United Arab Emirates Plans to “Become a Leading Space Power in the Region”

The National of Abu Dhabi reports “How the UAE plans to become a leading space power in the region”.

The global rise of the private space sector has helped show how governments cannot go it all alone when reaching for the stars and it is no different for the UAE.

Over the next decade, the Emirates plans to invest more than Dh3 billion ($816 million) in the private space sector to grow the country’s capabilities in space.

Economic zones dedicated to space activities will be set up across Abu Dhabi, Dubai and Sharjah to allow start-ups and established businesses to set up operations.

Officials hope this would help the country become a major space power in the region, with a well-developed ecosystem consisting of public and privately led projects — similar to how Nasa has harnessed the power of the thriving privately owned space companies in the US.


(Emirates “Hope” Mars Mission spacecraft)

The UAE’s next big space mission, a spacecraft that would explore seven asteroids and perform a Venus fly-by, will be built mostly by the private sector.

It will be a defining moment for the country’s ambitions of a well-established private sector, as well as pave the way for future and more complex missions.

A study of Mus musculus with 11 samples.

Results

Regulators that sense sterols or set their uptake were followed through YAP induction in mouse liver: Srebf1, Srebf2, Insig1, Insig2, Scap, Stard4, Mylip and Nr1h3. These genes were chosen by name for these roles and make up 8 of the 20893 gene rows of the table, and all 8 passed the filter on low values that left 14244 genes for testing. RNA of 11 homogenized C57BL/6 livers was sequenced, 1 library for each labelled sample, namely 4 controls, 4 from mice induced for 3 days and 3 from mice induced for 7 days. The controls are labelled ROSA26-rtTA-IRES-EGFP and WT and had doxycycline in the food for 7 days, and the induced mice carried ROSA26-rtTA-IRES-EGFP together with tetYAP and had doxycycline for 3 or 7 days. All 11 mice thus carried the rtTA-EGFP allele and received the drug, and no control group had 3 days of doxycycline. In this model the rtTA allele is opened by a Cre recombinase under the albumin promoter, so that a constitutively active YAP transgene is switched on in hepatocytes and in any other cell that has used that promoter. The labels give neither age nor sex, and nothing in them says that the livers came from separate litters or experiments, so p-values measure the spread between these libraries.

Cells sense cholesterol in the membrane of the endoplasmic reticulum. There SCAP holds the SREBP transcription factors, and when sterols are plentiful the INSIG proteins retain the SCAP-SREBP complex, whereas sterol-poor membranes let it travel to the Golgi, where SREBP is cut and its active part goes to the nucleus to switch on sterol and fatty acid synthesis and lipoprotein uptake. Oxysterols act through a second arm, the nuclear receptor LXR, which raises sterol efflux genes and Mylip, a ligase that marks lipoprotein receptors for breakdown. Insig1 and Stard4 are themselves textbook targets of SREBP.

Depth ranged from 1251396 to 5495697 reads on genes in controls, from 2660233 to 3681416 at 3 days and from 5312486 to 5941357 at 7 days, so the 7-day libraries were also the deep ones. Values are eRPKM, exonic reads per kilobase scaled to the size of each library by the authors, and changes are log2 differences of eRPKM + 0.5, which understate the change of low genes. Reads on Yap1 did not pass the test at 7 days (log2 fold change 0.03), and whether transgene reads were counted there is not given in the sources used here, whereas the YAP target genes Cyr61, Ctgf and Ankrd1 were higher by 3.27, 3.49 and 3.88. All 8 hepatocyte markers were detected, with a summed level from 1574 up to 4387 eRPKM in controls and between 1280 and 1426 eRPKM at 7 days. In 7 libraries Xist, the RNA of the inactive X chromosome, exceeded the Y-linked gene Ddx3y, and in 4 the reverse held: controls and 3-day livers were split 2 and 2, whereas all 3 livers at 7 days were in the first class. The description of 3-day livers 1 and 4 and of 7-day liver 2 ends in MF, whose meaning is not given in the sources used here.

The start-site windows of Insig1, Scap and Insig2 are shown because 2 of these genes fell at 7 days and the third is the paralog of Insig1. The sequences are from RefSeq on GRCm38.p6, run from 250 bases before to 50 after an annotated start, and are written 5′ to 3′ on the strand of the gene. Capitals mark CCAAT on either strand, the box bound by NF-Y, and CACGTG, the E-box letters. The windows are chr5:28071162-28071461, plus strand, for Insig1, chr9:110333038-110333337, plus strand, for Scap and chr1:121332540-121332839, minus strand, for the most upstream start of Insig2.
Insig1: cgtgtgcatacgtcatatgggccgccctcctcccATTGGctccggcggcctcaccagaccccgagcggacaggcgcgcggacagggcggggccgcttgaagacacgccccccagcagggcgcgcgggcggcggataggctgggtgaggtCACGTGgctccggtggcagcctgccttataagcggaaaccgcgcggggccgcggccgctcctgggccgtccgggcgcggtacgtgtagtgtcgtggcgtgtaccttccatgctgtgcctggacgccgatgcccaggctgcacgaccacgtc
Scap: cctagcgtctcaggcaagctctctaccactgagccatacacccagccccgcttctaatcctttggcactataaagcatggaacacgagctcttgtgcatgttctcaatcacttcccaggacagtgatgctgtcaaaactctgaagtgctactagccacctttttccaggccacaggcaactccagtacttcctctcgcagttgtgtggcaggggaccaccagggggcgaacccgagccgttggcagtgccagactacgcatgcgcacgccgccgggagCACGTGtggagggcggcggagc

It is also hoped that more local companies that do not cater to the space sector would start getting involved as they did with the Mars mission.

The Mohammed bin Rashid Space Centre, an organisation in Dubai that has executed the UAE’s leading space missions, is working with companies on its upcoming Earth-imaging satellite MBZ-Sat.

Amer Al Sayegh, project manager of the satellite, said 90 per cent of the satellite’s parts would be built locally.


One guess is that – when the whole world has access to the same technological capabilities – the deciding factor between winners & losers will be the quality of government. “Our guys” ought to be getting rather concerned. So should we citizens – not that we have much voice in our “democracies”.




Given the advantages of an equatorial launch site and all-azimuth launch capability, an offshore platform in the Indian Ocean makes a lot of sense.


This is in rather striking contrast to the solons in Washington who seem to assume they can go on borrowing and printing money forever and that the rest of the world will continue to deliver container ships filled with real goods in return for electronic IOUs they no longer even bother to print.


In theory, democracies should deal with the issue of succession much better than the random genetics of a monarchy. But when we look at the quality of the leaders of Western democracies today, the gap between theory and reality becomes a gaping chasm. It is not clear whether democracy has sufficient self-healing properties to stop the slide into incompetence (at best) and corruption (too often).